Good Friday and Peace

The Good Friday Agreement of 1998 was a fundamental part of the Peace Process in Northern Ireland.

I simply cannot let a Good Friday go by without giving thanks to every single person who was involved in bringing that Agreement about.

There was a time when it seemed like the Island of Ireland  would never see the level of peace that prevails today. It is something that we should never, ever take for granted and it is also something which should be viewed as a beacon of hope by those who are subsumed by pessimism about ongoing violence.

Paths of peace DO exist.

The Stepping Stones of Peace




Author: socialbridge

I am a sociologist and writer from Ireland. I have worked as a social researcher for 30 years and have had a lifelong passion for writing. My main research interests relate to health care and sense of place.

29 thoughts on “Good Friday and Peace”

      1. I couldn’t agree more. I also greatly enjoyed the message in your post about being able to speak of loved ones, and the joy in remembering. It resonated deeply with me. I may not always comment, but I always feel words. Hugs.

  1. It is finally nice to have peace in Ireland now my only wish is to see this all over the world. I think mothers should initiate the peace process as they are the ones that would not want their children to die in such violence.

    1. Hi Joseph, it’s wonderful that we have come to the point of such peace in Ireland now and I agree that mothers can have a huge role in initiating peace processes everywhere.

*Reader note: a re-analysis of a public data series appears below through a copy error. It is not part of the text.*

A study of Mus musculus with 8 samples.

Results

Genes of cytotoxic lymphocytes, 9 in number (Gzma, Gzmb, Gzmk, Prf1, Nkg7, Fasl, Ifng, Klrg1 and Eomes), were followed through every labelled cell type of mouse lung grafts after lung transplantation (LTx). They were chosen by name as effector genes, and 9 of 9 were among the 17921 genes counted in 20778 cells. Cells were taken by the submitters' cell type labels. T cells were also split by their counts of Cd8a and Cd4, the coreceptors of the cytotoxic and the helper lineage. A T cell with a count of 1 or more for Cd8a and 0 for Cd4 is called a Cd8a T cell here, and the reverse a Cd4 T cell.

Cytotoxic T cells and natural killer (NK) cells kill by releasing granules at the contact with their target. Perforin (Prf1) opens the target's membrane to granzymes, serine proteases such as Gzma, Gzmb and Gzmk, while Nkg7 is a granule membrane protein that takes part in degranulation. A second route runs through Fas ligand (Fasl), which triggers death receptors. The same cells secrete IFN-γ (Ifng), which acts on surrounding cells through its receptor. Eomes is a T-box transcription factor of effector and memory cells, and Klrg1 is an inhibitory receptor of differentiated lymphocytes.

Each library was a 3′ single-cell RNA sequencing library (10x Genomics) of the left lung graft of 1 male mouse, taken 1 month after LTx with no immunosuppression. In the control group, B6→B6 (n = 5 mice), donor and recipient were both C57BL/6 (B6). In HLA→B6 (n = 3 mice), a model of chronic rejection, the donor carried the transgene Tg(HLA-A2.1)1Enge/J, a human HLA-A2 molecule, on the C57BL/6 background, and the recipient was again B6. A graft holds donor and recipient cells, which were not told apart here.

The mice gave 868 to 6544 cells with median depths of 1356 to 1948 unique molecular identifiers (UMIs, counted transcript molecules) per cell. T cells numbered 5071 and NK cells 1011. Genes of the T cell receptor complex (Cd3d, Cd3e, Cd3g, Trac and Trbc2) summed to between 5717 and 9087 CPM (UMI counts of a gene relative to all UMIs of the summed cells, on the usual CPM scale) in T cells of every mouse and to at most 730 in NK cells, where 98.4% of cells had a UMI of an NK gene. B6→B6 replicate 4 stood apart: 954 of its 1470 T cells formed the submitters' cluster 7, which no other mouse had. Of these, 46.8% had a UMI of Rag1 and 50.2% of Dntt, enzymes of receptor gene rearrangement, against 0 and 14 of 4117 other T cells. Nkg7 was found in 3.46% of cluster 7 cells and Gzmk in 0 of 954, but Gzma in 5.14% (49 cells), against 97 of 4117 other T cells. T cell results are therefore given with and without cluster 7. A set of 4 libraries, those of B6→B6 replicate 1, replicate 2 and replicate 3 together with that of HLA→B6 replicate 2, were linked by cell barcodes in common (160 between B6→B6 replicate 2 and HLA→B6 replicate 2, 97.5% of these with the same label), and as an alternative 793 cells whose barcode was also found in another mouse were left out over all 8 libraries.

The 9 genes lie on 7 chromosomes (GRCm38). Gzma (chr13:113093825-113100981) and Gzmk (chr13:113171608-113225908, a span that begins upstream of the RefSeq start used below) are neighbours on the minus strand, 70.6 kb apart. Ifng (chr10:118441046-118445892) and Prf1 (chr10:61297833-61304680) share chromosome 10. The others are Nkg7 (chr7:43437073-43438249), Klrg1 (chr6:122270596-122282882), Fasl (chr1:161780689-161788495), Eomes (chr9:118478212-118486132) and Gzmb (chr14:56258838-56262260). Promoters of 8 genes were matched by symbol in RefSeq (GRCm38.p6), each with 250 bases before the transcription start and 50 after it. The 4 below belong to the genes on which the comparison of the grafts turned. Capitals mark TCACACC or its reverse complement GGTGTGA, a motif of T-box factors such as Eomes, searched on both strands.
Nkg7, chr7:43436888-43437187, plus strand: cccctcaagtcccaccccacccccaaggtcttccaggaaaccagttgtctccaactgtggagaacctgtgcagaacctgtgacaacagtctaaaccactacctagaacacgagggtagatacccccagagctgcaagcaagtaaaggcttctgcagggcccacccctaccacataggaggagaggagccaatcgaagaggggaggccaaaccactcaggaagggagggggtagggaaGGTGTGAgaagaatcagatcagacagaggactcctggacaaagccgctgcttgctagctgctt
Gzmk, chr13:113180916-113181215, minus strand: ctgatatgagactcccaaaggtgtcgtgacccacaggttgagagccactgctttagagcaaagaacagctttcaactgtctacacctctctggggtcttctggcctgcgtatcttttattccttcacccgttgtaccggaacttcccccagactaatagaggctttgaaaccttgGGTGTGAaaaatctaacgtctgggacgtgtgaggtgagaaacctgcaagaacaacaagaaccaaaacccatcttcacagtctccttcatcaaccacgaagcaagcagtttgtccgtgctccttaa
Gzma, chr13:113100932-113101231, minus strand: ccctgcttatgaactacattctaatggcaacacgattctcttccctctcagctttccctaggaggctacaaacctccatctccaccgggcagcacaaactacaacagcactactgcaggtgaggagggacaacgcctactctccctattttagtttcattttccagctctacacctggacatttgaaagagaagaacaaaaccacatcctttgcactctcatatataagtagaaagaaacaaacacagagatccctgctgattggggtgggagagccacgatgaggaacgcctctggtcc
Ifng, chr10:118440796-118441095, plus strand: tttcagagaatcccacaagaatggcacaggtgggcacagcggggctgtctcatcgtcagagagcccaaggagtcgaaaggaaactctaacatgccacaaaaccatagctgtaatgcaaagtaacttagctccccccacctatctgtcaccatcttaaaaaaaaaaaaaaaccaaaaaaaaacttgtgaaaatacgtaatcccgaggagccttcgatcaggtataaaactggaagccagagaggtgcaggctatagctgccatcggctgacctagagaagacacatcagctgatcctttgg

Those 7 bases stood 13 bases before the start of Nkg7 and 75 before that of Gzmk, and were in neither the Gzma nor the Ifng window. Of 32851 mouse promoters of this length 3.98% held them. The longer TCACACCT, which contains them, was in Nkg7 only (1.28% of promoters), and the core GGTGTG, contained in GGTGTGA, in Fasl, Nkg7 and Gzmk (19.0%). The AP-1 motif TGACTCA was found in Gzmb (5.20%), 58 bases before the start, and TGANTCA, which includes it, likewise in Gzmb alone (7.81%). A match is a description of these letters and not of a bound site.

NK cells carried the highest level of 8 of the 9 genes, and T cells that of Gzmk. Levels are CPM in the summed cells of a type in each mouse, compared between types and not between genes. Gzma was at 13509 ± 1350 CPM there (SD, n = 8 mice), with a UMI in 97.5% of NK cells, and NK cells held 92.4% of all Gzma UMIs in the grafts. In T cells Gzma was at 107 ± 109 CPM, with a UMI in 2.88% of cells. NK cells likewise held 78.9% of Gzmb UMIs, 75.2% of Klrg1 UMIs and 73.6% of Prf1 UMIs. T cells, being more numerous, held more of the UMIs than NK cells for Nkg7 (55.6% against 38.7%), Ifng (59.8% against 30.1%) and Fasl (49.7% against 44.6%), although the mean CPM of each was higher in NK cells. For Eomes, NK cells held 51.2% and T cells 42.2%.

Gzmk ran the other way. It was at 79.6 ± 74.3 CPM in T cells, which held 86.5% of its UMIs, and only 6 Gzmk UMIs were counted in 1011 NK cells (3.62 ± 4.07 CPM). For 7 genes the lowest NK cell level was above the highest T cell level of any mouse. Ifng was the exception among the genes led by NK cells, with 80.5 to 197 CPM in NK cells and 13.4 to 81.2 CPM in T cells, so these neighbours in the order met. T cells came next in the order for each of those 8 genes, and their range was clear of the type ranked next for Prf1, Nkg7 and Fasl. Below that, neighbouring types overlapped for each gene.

2. I love this picture called “Stepping Stones to Peace” it really shows how two sides can be brought together as one..or meeting each other half way.. and the water signifies tranquility or it can be dangerous . I hope Ireland continues to be a peaceful country..Happy Easter.

  3. I’m also so glad that things have changed. When i was there, years ago, they told me to get into the nearest hotel or else i might get shot dead. Hearing that shocking thing, i went to the nearest, plush hotel (and it cost a fortune). Many times too, we were in train stations with bomb threats spontaneously occuring. We can live with compassion and intelligence instead of barbaric hatred and cruelty! 🙂

    1. Tom, there certainly were many tough years here and it has taken time for peace to reign since the signing of the Good Friday Agreement in 1998. The change from when I was growing up very close to the border with Northern Ireland is so, so wonderful and something we could only dream about and wish for back then. Many thought peace could never be achieved but we have made an amazing journey.

  4. I know many Irish who have never been to NI. I dared to go there in 2003, and everything went well. After that I have been to NI many times. The same people everywhere. When the family from Derry drowned in Buncrana, a Donegal man risked his life and saved their baby. It is how thing should be.